How the NFL Predicts Injuries

Westside Functional Movement ScreenThe Functional Movement Screen has been shown to predict and reduce the likelihood of injury.  This has been tested in the NFL and the FMS is now part of the NFL Combine.  The United States Marine Corps utilizes the FMS for specialized communities within that branch.  It is also used in several college football programs and with many professional golfers.   Titleist Performance Institute uses the FMS to assess golfers and their unique movement dysfunctions.  It is taught as part of the Titleist Certified Provider program that many chiropractors and therapists have participated in.

The seven tests  of  the FMS are graded 0-3 with a total score of 21 possible.  If during any of the movements there is pain,” 0” is the score and that particular issue is addressed with appropriate treatment modalities after the entire screen is performed.  If one of the tests is performed perfectly, it is graded  a “3”. A score of  “2”  is given if the movement is done “well enough” or with minimal compensation.  And, a score of “1” is given if the patient or athlete is unable to either get into position to do the test or unable to perform adequately. A minimum of “2” points for each of the seven tests for a total score of 14 is used as a as the baseline to participate in strength training or athletics.  A score under 14 increases probability of injury and decreased performance.

red-number-1The first screen is the Deep Overhead Squat Movement Pattern.  It demonstrates fully coordinated ankle, hip and thoracic spine mobility and core stability with the hips and shoulders functioning in symmetrical positions. By the way, this test is critical especially for your golfers!

red-3d-numbers-setThe second screen is the Hurdle Step Movement Pattern Test.  It is designed to challenge the body’s proper stepping and stride mechanics as well as stability and control in single leg stance.  This is really helpful in determining symmetry left and right side while assessing hip mobility and balance.  This test also determines how well we can stabilize during acceleration.

red-number-3The third screen is the In-Line Lunge Movement Pattern Test.  This provides a quick appraisal of left and right function in a basic pattern and is intended to place the body in a position that will focus on the stresses as simulated during rotation, deceleration and lateral type movements.  This one is done balancing on a 2x 6 inch board with feet in line and maintaining perfect posture. This test also demonstrates how well and athlete stabilizes during deceleration.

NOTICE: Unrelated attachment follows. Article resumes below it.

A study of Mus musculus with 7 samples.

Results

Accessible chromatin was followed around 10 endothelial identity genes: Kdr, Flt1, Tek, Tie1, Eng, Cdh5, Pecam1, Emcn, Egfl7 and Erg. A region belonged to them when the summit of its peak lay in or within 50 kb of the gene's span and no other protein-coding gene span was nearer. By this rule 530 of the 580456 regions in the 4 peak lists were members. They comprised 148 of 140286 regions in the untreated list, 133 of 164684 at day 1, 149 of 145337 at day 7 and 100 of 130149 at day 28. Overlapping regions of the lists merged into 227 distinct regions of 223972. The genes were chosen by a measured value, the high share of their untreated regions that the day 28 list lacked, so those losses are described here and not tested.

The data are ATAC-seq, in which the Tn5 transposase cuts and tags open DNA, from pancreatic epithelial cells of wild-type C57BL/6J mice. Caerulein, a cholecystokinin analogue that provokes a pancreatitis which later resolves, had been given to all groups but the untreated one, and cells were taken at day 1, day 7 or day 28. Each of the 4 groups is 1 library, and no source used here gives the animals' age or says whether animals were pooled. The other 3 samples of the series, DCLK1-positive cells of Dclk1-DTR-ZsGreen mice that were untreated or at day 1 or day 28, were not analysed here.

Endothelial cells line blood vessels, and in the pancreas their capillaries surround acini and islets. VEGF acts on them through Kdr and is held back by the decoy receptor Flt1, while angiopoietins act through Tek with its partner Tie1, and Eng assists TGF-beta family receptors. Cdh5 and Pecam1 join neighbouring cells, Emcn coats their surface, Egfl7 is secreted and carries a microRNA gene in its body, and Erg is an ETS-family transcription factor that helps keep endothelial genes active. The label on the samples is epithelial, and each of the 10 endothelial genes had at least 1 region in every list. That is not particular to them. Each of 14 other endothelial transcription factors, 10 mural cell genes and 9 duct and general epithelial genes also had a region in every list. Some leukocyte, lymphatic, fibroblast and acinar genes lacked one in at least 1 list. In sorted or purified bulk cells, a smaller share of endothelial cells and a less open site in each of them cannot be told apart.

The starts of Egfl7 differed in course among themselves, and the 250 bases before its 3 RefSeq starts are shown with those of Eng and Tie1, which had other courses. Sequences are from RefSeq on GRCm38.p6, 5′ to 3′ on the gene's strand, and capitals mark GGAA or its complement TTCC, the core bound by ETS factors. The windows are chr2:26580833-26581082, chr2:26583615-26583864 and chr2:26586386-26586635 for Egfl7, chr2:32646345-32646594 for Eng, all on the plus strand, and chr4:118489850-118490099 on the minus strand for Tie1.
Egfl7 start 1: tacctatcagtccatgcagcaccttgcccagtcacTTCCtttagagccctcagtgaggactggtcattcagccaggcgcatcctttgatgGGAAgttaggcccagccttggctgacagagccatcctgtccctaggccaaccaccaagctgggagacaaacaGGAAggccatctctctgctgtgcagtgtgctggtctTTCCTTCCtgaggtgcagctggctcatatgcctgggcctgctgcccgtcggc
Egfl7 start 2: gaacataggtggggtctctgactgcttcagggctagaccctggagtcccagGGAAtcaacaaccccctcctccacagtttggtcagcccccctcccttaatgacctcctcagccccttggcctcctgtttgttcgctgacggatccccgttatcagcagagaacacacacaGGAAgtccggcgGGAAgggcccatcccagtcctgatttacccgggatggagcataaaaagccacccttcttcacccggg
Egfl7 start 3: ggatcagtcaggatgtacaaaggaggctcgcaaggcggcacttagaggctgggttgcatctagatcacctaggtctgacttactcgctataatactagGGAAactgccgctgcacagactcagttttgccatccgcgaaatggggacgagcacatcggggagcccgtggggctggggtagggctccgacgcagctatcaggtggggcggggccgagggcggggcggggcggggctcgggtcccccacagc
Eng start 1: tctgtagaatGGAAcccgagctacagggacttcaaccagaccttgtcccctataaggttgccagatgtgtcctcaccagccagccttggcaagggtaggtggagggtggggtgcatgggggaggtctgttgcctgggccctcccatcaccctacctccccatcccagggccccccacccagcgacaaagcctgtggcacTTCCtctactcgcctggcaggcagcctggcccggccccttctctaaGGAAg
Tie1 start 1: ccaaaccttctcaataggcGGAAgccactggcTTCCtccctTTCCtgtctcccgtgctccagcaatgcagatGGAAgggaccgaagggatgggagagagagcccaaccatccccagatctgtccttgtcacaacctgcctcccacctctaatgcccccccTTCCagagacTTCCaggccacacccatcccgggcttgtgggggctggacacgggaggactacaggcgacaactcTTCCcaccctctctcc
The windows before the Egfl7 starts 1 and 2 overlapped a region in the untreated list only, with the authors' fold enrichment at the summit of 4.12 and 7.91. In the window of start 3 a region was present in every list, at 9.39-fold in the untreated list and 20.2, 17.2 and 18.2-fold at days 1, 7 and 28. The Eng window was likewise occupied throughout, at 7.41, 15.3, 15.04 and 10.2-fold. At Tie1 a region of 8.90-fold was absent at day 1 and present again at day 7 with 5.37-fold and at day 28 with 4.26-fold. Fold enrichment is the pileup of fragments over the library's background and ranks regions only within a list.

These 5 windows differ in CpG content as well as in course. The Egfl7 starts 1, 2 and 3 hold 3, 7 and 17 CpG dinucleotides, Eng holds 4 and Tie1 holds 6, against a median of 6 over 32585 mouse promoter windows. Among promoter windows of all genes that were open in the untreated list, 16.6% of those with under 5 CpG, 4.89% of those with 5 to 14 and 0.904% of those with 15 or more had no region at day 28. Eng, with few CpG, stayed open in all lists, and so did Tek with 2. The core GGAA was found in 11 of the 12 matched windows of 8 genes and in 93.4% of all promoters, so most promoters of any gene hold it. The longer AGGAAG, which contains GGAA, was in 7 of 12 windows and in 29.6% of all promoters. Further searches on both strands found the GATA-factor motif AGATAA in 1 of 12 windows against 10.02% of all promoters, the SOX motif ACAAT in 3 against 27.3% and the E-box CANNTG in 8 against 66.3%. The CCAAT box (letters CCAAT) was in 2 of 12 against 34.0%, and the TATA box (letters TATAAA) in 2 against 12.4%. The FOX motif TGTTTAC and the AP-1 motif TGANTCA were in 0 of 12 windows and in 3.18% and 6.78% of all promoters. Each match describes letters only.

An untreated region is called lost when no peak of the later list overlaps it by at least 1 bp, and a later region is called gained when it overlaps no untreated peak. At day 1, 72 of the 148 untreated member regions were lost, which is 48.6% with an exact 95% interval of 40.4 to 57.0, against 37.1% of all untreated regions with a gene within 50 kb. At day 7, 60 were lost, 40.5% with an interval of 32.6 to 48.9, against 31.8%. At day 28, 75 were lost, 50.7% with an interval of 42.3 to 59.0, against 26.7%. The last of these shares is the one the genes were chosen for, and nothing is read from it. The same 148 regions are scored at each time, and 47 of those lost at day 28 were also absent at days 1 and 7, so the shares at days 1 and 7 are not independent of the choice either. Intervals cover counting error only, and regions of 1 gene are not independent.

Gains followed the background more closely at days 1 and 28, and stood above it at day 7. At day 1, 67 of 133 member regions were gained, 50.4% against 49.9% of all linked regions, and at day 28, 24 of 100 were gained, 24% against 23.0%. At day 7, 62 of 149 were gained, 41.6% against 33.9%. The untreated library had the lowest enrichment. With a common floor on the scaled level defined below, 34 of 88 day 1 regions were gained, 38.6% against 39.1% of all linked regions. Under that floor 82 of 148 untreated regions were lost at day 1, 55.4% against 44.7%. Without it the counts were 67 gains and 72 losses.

red-number-4The fourth screen is a Shoulder Mobility “Reaching” Movement Pattern Test. This test demonstrates the natural complimentary rhythm of the scapular-thoracic region, thoracic spine and rib cage with reciprocal upper extremity shoulder movements. In other words, you are really testing thoracic spine mobility  in addition to gleno-humeral  movement and scapular stability.

red-number-5The fifth screen is the Active Straight Leg Raise Movement Pattern Test.  This is an “apparently” simple test that has the patient supine on the ground and identifies active mobility of the flexed hip and  initial and continuous core stability while the opposite hip remains extended and flat on the ground.  Don’t be fooled by the simplicity of this test as it also demonstrates the ability to disassociate the lower extremities while maintaining stability in the pelvis and core.

red-number-6The six screen is the Trunk Stability Push-Up Movement Pattern Test .  It is used as  a basic observation of reflex core stabilization and is not used as a measure of strength since only one repetition is required.  The goal is to initiate movement with the upper extremity without allowing movement of the hips or pelvis.

red-number-7The seventh and last screen is the Rotary Stability Movement Pattern Test and it is a complex movement requiring proper neuromuscular coordination and energy transfer from one segment of the body to another through the torso.  It has roots in the basic creeping pattern that follows the crawling pattern in the developmental sequence of normal human growth and locomotion. It looks like a birddog, horse stance or whatever you want to call getting on all fours!

The purpose of the FMS is to find the weak links in your patients and alleviate them with specific corrective exercise strategies.   When this occurs, the individual or athlete will have greater movement efficiency which will lead to  improved performance and a decrease in injury potential.

The Functional Movement Screen is designed for the individual that is not in pain or has an obvious injury. The Functional Movement Screen  can be easily integrated for all patients to provide a continuum of care and rational reason to continue with treatment even when  pain or injury has resolved.